Trump marks Charlottesville anniversary with tweet condemning racism

US president says last year’s rally ‘resulted in senseless death and division,’ calls for ‘peace to ALL Americans!”

Eric Cortellessa covers American politics for The Times of Israel.

US President Donald Trump speaks about his meeting with Russian President Vladimir Putin ahead of a meeting with Republican lawmakers and cabinet members on tax cuts at the White House in Washington, DC, on July 17, 2018. (AFP PHOTO / NICHOLAS KAMM)
US President Donald Trump speaks about his meeting with Russian President Vladimir Putin ahead of a meeting with Republican lawmakers and cabinet members on tax cuts at the White House in Washington, DC, on July 17, 2018. (AFP PHOTO / NICHOLAS KAMM)

WASHINGTON — One year after the deadly white supremacist rally in Charlottesville, US President Donald Trump tweeted a condemnation of racism Saturday, calling for unity and “peace to ALL Americans.”

His tweet came a day before those same factions plan to march in Washington, D.C., where they are set to meet in the Foggy Bottom neighborhood and march to Lafayette Square, across the street from the White House.

“The riots in Charlottesville a year ago resulted in senseless death and division,” Trump said Saturday.

“We must come together as a nation. I condemn all types of racism and acts of violence. Peace to ALL Americans!”

The tweet’s language was similar to his first response to the tragedy last year, after neo-Nazis, Klansman, and other racists descended on the small Virginia, which resulted in one woman’s death after a Nazi sympathizer rammed his car into a crowd of people.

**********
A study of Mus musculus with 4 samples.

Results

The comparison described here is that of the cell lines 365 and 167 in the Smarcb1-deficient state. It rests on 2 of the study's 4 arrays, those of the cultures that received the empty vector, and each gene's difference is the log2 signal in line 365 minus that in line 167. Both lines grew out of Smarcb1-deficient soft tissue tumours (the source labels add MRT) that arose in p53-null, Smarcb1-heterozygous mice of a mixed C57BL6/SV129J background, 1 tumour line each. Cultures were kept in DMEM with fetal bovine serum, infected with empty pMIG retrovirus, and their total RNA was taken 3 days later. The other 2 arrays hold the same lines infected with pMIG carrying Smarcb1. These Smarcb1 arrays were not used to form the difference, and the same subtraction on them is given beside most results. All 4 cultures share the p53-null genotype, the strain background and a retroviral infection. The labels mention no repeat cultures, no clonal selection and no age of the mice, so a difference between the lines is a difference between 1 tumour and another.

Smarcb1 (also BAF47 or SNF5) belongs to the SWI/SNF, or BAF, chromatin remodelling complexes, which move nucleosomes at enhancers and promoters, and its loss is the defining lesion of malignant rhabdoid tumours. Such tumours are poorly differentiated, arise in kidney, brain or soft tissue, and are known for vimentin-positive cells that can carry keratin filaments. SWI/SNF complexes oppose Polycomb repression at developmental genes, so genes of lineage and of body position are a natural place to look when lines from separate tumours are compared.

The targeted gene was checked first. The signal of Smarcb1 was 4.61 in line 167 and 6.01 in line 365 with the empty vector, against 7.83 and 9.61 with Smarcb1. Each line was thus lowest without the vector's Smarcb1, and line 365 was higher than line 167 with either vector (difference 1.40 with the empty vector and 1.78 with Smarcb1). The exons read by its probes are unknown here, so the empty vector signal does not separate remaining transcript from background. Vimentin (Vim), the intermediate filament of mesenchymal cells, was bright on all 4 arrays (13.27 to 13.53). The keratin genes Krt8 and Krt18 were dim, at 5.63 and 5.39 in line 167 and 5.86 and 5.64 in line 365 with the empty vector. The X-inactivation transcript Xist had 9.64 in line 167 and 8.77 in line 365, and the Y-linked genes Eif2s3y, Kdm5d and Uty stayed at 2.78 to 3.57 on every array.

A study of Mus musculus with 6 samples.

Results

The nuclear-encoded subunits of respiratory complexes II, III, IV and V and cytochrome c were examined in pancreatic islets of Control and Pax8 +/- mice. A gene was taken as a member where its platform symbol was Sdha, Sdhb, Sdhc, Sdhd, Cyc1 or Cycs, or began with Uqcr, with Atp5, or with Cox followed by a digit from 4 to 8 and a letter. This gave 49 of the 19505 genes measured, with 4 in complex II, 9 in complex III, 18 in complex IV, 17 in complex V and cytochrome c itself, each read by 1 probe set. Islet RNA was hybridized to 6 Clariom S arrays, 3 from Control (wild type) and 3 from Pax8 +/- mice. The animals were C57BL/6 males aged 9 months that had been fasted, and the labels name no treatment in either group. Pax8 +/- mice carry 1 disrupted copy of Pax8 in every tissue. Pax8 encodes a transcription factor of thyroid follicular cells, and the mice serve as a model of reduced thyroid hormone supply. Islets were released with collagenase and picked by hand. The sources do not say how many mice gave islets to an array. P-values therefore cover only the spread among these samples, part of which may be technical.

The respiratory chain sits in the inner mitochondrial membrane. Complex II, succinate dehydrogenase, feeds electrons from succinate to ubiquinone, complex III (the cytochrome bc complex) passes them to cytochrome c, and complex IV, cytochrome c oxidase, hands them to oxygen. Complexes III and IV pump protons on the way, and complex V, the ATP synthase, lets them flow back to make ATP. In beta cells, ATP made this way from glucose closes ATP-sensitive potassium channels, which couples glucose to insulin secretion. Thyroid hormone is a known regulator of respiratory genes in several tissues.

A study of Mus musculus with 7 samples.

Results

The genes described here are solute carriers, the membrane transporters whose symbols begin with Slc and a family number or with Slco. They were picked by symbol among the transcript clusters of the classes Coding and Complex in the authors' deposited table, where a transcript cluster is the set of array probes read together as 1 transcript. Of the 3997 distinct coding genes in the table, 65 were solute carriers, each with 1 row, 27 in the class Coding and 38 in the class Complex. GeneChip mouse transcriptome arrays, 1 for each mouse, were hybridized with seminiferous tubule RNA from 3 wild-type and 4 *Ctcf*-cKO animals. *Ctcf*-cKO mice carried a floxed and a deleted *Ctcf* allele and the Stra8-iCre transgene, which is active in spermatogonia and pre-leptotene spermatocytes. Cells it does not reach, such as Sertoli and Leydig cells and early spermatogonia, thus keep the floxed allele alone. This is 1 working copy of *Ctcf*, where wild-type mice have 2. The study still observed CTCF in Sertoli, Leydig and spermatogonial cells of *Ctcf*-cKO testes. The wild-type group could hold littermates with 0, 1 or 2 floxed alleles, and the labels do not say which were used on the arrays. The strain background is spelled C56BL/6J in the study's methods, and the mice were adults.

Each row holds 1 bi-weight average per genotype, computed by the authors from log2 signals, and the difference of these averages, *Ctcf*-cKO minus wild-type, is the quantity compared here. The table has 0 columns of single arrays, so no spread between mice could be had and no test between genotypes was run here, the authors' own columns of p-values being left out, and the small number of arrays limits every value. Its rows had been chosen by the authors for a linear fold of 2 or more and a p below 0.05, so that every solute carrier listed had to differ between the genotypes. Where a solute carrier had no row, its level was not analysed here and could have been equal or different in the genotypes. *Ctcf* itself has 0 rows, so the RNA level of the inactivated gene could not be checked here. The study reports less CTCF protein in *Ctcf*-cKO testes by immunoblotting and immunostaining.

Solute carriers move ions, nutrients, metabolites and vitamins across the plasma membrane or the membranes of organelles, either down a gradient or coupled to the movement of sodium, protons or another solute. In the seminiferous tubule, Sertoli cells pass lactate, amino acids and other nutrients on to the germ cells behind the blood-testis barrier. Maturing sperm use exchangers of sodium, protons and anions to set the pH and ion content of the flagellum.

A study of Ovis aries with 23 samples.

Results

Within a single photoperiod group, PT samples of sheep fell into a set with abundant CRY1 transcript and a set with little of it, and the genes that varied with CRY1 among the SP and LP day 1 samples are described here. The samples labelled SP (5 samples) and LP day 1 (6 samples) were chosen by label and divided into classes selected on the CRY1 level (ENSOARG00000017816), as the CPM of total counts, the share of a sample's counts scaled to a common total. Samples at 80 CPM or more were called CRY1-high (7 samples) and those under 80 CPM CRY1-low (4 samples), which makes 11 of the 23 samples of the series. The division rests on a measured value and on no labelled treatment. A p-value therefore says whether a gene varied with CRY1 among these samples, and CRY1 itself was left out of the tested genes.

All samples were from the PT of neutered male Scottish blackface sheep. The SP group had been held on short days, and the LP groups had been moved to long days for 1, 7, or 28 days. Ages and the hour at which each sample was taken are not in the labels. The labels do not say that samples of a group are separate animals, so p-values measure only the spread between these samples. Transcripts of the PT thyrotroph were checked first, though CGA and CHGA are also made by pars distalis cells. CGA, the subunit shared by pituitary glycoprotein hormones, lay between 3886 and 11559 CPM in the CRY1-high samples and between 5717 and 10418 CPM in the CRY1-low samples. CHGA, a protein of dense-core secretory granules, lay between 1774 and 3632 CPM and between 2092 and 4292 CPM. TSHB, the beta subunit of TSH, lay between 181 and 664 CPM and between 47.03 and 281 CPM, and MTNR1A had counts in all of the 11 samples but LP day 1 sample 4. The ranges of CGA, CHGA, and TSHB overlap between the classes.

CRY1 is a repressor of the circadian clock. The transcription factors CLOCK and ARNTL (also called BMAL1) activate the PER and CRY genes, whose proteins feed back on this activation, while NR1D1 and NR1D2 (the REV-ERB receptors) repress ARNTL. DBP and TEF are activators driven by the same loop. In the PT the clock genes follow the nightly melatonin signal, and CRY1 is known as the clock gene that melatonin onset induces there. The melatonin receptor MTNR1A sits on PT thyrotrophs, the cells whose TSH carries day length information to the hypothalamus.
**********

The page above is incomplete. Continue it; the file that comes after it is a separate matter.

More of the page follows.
Those initial remarks last year came after Heather Heyer, a 32-year-old legal assistant, was struck and killed, in which he omitted any mention of the bigoted hate groups leading the rally.

In this August 12, 2017, file photo, people fly into the air as a vehicle is driven into a group of protesters demonstrating against a white nationalist rally in Charlottesville, United States. (Ryan M. Kelly/The Daily Progress via AP, File)

But in a follow-up press conference days later, Trump held both sides responsible for the violence and equivocated the white nationalists chanting “Jews will not replace us” with the counter-protesters.

“You had some very bad people in that group, but you also had people that were very fine people, on both sides,” he said in Trump Tower.

Those comments were met with swift criticism from across the political spectrum.

On Friday, Trump was denounced for not marking the anniversary of the Charlottesville tragedy but instead tweeting about National Football League players who refuse to stand for the national anthem, inflaming a racially divisive issue. The players say they kneel during the anthem to draw attention to racial injustices.

“They make a fortune doing what they love,” Trump tweeted. “Be happy, be cool! A football game, that fans are paying soooo much money to watch and enjoy, is no place to protest. Most of that money goes to the players anyway. Find another way to protest. Stand proudly for your National Anthem or be Suspended Without Pay!”